OU staff express anger over centre closure

Open letter over plan to shut East Grinstead regional centre and review others

June 19, 2014

More than 50 disgruntled employees of The Open University have signed an open letter expressing “profound concern” about plans to close one of its regional centres.

They say that a decision to close the centre in East Grinstead, combined with plans to review the status of the institution’s other English regional offices, place around 700 jobs – a fifth of the OU’s full-time workforce – at risk.

“The East Grinstead closure is being pushed through against the wishes of the university’s highest academic body, the senate, without a clear business plan and in defiance of previous assurances to staff,” the letter, published today in The Guardian, says.

“Cheaper alternatives to the current building (the lease of which has come up for renewal) have not been properly explored. The university says it will try to relocate the 64 staff to London, but even if posts become available this will not be an affordable option for many colleagues in the south-east.”

It adds that with the results of a review of the other regional centres due next year, there is concern that the OU’s presence in some of England’s main cities is under threat.

“We believe the loss of these regional offices would mark the end of The Open University’s historic mission to be open to people and places everywhere in the UK,” the letter says. “More, it would threaten the OU’s model of ‘blended learning’ where, particularly on first-level courses, online delivery is combined with local tutoring and student support.”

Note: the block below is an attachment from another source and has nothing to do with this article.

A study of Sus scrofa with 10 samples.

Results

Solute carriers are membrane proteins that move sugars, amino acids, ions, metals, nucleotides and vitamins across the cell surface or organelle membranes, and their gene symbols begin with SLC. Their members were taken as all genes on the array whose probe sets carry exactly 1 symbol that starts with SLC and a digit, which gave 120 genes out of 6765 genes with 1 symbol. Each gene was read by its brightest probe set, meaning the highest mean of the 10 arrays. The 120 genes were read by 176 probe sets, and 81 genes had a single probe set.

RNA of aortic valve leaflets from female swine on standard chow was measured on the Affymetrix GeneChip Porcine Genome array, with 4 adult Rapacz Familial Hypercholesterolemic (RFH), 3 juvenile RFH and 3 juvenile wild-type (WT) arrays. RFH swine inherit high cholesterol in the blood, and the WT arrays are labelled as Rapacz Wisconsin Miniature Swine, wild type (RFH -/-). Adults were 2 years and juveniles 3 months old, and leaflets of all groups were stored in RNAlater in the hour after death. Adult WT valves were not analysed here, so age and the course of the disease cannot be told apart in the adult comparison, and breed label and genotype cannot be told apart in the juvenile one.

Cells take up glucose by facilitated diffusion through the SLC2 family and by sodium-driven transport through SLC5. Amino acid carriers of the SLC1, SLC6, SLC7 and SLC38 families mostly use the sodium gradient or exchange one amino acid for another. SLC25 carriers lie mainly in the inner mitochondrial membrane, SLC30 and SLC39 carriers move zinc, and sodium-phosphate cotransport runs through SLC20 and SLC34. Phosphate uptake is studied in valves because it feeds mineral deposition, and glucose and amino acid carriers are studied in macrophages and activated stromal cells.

The university currently has 10 regional centres in England (including East Grinstead), with all except London to be subject to the forthcoming OU review.

A spokesman for the university said that the decision to close East Grinstead, which is set to shut its doors by the end of the year, had “not been taken lightly”, and followed plans by the landlord to convert the building into residential accommodation. 

“Other premises were prohibitively expensive and the end of the lease presented an opportunity to redirect funding away from property and directly into services for students,” he said.

“We do not expect this move to result in any compulsory redundancies; however there will be the option for staff to be redeployed, relocate or take early retirement or voluntary severance, and we are working to support those affected in assessing their options.”

The separate review of offices across the UK is yet to begin, he continued, adding that it was “completely misleading” to suggest that 700 jobs are at risk. “This review will ensure that we are supporting our students – who now bear the cost of services through fees – in the most effective way possible.”